Even though the economic downturn may not be over yet, this is the time to position your business for the upswing.
“Review your business and your market,” says Rosalie Lober, a turnaround specialist and CEO of PROFITS Principles, a business consulting company. “Find out how your customers are changing so you’re not left at the gate.”
Taking proactive steps–such as investing in research–instead of focusing solely on cutting costs and battening down the hatches will pay off in the long run. “Revenue and profits are panicking everyone,” Lober says. “Focus on market share instead.”
Entrepreneurs are taking these steps to prepare themselves for the upswing:
- Going pro bono. Media firm Door Number 3 has logged more than 1,150 pro bono hours in the last year for clients such as The Alamo, the historic San Antonio, Texas, site. This move has kept owner MP Mueller’s staff productive (no one has been laid off) and has impressed new clients–the kind who pay.
- Rethinking and rebranding. Equinox Business Law Group has used the economic downturn to engage with its clients and colleagues, “making us stand out in a marketplace where most people were cutting back,” says managing attorney Michelle Hayden Bomberger. The firm undertook a full rebranding effort, launched a flat-fee-based General Counsel Program to help clients manage legal costs and initiated more frequent client communications. “These steps have helped us stand out and be top of mind with our clients,” she says.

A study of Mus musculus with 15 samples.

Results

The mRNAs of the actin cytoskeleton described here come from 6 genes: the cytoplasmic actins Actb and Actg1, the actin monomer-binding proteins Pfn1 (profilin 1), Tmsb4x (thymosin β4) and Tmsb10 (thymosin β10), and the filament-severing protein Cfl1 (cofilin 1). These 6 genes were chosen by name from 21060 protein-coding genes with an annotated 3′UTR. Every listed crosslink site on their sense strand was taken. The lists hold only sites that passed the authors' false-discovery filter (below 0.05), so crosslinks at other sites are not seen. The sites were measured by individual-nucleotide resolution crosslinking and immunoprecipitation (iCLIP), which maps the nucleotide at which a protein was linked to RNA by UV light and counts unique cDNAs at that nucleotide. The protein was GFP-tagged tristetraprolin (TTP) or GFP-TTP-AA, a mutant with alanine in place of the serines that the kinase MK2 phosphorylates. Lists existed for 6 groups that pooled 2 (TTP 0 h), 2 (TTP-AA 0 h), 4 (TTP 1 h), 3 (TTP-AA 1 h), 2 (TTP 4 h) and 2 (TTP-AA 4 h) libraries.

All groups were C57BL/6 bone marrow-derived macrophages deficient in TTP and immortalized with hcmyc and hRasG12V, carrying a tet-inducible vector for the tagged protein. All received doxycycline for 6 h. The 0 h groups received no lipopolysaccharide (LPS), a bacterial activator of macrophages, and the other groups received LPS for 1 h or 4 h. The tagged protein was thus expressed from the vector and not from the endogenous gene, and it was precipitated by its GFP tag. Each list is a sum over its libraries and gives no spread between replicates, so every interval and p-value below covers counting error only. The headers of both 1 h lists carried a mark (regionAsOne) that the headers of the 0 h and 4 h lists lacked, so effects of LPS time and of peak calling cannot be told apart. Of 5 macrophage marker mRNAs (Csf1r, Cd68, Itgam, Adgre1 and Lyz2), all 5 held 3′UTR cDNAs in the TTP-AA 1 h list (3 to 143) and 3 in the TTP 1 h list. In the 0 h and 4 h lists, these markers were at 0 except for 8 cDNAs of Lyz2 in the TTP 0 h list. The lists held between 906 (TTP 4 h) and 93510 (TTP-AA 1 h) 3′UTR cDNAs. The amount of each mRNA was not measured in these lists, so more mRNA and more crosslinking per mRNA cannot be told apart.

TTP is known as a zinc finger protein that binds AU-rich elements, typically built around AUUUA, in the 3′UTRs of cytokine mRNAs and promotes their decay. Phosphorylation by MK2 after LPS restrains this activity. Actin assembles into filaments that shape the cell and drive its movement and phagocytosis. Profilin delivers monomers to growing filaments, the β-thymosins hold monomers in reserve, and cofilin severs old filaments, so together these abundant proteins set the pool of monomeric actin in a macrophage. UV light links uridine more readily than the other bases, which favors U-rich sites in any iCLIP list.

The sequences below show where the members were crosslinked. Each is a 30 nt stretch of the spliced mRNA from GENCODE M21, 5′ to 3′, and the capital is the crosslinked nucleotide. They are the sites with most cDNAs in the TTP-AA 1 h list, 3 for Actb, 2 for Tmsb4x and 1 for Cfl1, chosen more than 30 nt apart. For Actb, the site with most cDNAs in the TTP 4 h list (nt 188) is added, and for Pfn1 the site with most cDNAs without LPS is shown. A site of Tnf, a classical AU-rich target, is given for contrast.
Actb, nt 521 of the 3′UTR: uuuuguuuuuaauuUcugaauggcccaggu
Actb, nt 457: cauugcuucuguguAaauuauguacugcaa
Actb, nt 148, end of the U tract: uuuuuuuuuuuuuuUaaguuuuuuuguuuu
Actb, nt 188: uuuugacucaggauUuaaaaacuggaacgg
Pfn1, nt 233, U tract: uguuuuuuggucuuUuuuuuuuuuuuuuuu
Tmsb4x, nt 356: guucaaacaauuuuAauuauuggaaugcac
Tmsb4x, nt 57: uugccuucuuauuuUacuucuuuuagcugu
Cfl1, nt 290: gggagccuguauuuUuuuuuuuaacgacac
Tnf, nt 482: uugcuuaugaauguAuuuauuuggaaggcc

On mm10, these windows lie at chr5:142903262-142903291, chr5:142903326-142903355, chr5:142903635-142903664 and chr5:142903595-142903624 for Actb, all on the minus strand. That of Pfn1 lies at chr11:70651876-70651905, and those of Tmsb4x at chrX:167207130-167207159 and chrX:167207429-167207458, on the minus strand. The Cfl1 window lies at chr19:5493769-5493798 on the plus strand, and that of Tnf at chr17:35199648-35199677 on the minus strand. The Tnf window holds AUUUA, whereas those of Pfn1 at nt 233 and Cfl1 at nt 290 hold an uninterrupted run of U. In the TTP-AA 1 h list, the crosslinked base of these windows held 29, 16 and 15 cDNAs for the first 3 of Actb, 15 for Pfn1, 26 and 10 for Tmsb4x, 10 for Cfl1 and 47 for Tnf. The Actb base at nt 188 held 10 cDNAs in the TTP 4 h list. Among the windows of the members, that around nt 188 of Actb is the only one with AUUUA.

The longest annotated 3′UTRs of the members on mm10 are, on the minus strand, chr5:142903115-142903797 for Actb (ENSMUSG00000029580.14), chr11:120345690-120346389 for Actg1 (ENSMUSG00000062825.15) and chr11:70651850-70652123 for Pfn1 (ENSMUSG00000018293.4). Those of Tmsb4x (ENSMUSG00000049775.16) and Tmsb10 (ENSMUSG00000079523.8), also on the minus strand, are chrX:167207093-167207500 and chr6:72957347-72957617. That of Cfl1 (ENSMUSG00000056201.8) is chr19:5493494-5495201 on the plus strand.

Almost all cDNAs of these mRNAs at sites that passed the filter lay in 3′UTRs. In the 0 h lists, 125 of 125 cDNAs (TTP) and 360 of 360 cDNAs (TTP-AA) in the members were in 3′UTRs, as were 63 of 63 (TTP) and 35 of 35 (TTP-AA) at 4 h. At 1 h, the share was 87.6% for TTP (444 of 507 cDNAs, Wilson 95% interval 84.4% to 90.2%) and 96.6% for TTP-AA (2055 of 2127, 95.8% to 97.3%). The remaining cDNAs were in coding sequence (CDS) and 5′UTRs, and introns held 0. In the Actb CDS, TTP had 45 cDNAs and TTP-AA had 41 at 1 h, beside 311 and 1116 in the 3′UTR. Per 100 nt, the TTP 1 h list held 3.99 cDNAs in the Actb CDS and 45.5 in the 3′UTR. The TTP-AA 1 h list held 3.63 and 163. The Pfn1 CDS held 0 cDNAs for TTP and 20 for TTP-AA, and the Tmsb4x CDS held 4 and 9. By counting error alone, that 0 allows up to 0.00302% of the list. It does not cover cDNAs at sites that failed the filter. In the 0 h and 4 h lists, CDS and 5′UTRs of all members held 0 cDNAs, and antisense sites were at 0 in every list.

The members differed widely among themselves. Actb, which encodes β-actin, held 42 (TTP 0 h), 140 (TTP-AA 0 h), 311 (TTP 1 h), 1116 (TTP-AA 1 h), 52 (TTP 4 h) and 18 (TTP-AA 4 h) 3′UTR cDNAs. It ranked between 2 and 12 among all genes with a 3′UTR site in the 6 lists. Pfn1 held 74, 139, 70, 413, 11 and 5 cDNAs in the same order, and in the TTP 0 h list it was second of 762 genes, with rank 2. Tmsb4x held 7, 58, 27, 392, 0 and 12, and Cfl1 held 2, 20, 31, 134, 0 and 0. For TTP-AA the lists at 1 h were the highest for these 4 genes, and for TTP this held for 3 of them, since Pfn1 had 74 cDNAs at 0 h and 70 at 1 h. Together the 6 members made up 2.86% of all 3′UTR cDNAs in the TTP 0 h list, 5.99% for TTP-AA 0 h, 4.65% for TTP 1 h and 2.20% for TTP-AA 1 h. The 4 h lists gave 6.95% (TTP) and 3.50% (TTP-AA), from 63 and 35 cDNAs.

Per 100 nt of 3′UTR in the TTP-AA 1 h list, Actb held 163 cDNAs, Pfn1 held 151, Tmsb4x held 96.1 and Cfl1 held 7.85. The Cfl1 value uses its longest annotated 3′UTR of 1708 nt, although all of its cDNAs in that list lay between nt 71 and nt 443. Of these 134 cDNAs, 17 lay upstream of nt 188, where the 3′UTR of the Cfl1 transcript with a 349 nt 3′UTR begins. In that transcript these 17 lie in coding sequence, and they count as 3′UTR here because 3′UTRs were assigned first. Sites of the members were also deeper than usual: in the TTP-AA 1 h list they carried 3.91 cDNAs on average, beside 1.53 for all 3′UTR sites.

- Looking for unique niche opportunities. Online jewelry retailer PearlParadise.com is taking full advantage of a quirk of pearl production: “They are grown and harvested over a number of years,” says founder and CEO Jeremy Shepherd. “Nothing can be done to stem the flow of production, even though wholesale buyers have for the most part stopped buying from producers while waiting out this recession. But we have done just the opposite, leveraging everything we can to purchase stock at production cost–much more than we can hope to sell even in the next two years. When this recession finally comes to an end, wholesale production prices will go back to normal–or two to three times what we are paying today.”